This week, the San Francisco Symphony’s Music Director Esa-Pekka Salonen leads the Symphony, in a performance at Davies Symphony Hall, of Richard Strauss’s Serenade in E flat major, contemporary composer Daniel Kidane’s Be Still, and Brahms’ Violin Concerto, with Grammy Award-winning Augustin Hadelich as soloist.
Augustin Hadelich – “… a singularly gifted, characterful musician …” says the New Yorker – has a wide-ranging repertoire which embraces the music of composers from the Baroque era through to the present day. Winner of a 2016 Grammy in the Best Classical Instrumental Solo category, he was also named Musical America’s Instrumentalist of the Year in 2018.
Now in his second year as Associate Artist of the Elbphilharmonie Orchestra in Hamburg, Augustin Hadelich made his debut with the San Francisco Symphony in 2013, and has now appeared with every major orchestra in North America. Internationally he has performed with some of the world’s finest orchestras, including the Royal Concertgebouw, London Philharmonic, the Academy of St Martin in the Fields, the Hong Kong Philharmonic, the NHK Symphony in Tokyo and the New Zealand Symphony. Highlights of his current season include appearances with the Leipzig Gewandhaus, Philharmonia Zurich, Dresden Philharmonic, City of Birmingham Symphony Orchestra, Finnish Radio Symphony Orchestra and BBC Scottish Orchestra. According to former New York Philharmonic Music Director Alan Gilbert, he is “Someone who wins audiences’ hearts wherever he performs”.
Gramophone magazine was “… wowed by Augustin Hadelich’s richly characterised and subtly coloured account of the Brahms Concerto” – the work which he performs in this concert. Brahms wrote it during the summer of 1878, whilst holidaying on the shore of the Wörthersee in the southern Austrian province of Carinthia – a landscape which he described as being littered with beautiful melodies. When the concerto was premiered by the Leipzig Gewandhaus Orchestra on January 1st, 1879, with Joseph Joachim as soloist and the composer conducting, it was politely, but not ecstatically, received. Viennese concertgoers loved it when they heard it, but the concerto took some time before it was fully accepted as a classic, and before ultimately becoming a popular work.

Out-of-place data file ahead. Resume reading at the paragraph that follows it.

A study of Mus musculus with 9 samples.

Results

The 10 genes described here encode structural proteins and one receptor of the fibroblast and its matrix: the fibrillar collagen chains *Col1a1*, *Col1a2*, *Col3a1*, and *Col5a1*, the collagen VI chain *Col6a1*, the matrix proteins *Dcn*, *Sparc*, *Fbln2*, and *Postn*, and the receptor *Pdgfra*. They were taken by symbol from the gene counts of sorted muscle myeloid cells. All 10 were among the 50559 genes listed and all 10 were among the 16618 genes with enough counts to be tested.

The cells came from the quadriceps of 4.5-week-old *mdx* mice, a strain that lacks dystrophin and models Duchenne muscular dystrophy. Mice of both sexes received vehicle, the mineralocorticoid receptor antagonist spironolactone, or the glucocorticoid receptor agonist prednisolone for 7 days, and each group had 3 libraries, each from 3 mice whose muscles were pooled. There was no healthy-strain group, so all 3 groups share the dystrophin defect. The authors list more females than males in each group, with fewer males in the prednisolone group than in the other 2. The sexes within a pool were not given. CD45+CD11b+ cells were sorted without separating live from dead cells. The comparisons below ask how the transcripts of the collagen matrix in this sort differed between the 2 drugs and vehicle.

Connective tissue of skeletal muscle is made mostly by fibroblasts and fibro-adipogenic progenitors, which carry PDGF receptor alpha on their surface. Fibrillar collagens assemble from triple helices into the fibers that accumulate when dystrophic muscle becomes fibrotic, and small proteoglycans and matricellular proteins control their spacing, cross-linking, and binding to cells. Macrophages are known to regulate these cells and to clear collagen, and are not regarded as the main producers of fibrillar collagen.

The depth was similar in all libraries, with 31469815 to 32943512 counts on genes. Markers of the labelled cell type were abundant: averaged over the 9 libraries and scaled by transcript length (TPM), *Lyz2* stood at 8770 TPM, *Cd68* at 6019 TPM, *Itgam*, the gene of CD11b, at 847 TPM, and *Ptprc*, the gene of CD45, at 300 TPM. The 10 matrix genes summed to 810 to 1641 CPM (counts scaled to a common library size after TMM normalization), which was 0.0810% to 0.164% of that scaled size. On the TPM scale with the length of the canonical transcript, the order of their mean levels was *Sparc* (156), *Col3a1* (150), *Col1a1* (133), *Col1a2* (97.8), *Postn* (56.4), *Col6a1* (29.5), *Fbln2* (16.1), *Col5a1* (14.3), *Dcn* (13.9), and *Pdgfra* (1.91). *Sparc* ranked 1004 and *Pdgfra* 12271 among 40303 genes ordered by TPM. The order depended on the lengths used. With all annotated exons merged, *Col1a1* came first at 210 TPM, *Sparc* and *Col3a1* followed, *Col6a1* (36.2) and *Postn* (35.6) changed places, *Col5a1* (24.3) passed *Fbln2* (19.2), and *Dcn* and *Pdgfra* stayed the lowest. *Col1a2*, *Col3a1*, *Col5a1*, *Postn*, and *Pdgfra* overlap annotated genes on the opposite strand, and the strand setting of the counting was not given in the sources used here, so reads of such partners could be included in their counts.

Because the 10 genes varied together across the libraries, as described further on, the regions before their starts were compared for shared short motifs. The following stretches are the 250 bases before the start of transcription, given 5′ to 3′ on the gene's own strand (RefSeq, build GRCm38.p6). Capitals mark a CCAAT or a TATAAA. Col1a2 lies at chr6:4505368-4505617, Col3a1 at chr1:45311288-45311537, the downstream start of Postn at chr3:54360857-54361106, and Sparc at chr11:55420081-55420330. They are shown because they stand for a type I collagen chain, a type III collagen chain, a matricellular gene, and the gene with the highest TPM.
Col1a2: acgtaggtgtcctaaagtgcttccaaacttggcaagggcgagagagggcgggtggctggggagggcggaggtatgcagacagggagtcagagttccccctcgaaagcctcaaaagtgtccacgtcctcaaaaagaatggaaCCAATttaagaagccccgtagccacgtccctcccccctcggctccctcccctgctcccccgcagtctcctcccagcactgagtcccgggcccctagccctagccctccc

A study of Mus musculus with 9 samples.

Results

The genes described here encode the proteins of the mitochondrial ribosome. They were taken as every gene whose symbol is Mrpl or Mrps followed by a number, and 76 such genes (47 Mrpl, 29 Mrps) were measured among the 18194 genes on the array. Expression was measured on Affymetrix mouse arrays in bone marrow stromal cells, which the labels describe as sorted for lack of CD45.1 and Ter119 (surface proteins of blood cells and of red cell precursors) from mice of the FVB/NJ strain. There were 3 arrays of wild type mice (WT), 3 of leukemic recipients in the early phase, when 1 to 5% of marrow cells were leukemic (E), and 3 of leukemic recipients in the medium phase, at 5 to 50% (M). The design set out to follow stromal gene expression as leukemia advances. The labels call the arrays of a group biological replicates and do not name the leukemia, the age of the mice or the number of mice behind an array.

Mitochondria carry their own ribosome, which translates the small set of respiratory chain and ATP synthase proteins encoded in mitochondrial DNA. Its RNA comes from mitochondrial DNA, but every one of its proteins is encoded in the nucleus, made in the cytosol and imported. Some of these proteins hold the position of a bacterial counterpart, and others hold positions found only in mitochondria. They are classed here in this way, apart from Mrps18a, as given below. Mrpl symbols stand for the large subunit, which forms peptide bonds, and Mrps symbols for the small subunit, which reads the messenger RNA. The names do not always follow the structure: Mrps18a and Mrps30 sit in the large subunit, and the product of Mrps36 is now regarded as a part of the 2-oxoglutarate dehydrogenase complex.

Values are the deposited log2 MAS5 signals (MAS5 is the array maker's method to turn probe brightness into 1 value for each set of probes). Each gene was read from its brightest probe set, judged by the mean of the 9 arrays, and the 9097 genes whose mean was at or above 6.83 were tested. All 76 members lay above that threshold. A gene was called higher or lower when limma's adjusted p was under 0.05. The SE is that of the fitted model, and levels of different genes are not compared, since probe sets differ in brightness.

The concert opens with the Serenade in E flat major by Richard Strauss, a work which reflects the classical preferences of his father over the ‘Wagnerism’ to which Richard Strauss gravitated later in life. A short, lyrical piece for a wind ensemble, it’s an elegant work, possibly thought to have been inspired by Mozart’s Serenade for Winds. Franz Wüllner conducted the World Premiere at the Hotel zu den drei Raben in Dresden on November 27th, 1882.
This is followed by the US premiere of British composer Daniel Kidane’s Be Still, which was commissioned by Manchester Camerata, and premiered by the BBC Symphony Orchestra and chief conductor Sakari Oramo at the Last Night of the Proms in September 2019. The work is described by the Financial Times as ‘quietly impressive’, and by The Times as ‘tautly constructed’ and ‘vibrantly imagined’. Other works which Kidane has composed since then include The Song Thrush and the Mountain Ash for Huddersfield Choral Society, with text by Poet Laureate Simon Armitage, and Dappled Light for violinists Maxine Kwok and Julian Gil Rodriguez for the London Symphony Orchestra’s Summer Shorts series.
Esa-Pekka Salonen leads the San Francisco Symphony in a program of works by Richard Strauss, Daniel Kidane and Johannes Brahms – with soloist Augustin Hadelich – at Davies Symphony Hall on June 17th and 18th. For more information, and to buy tickets, visit the San Francisco Symphony website.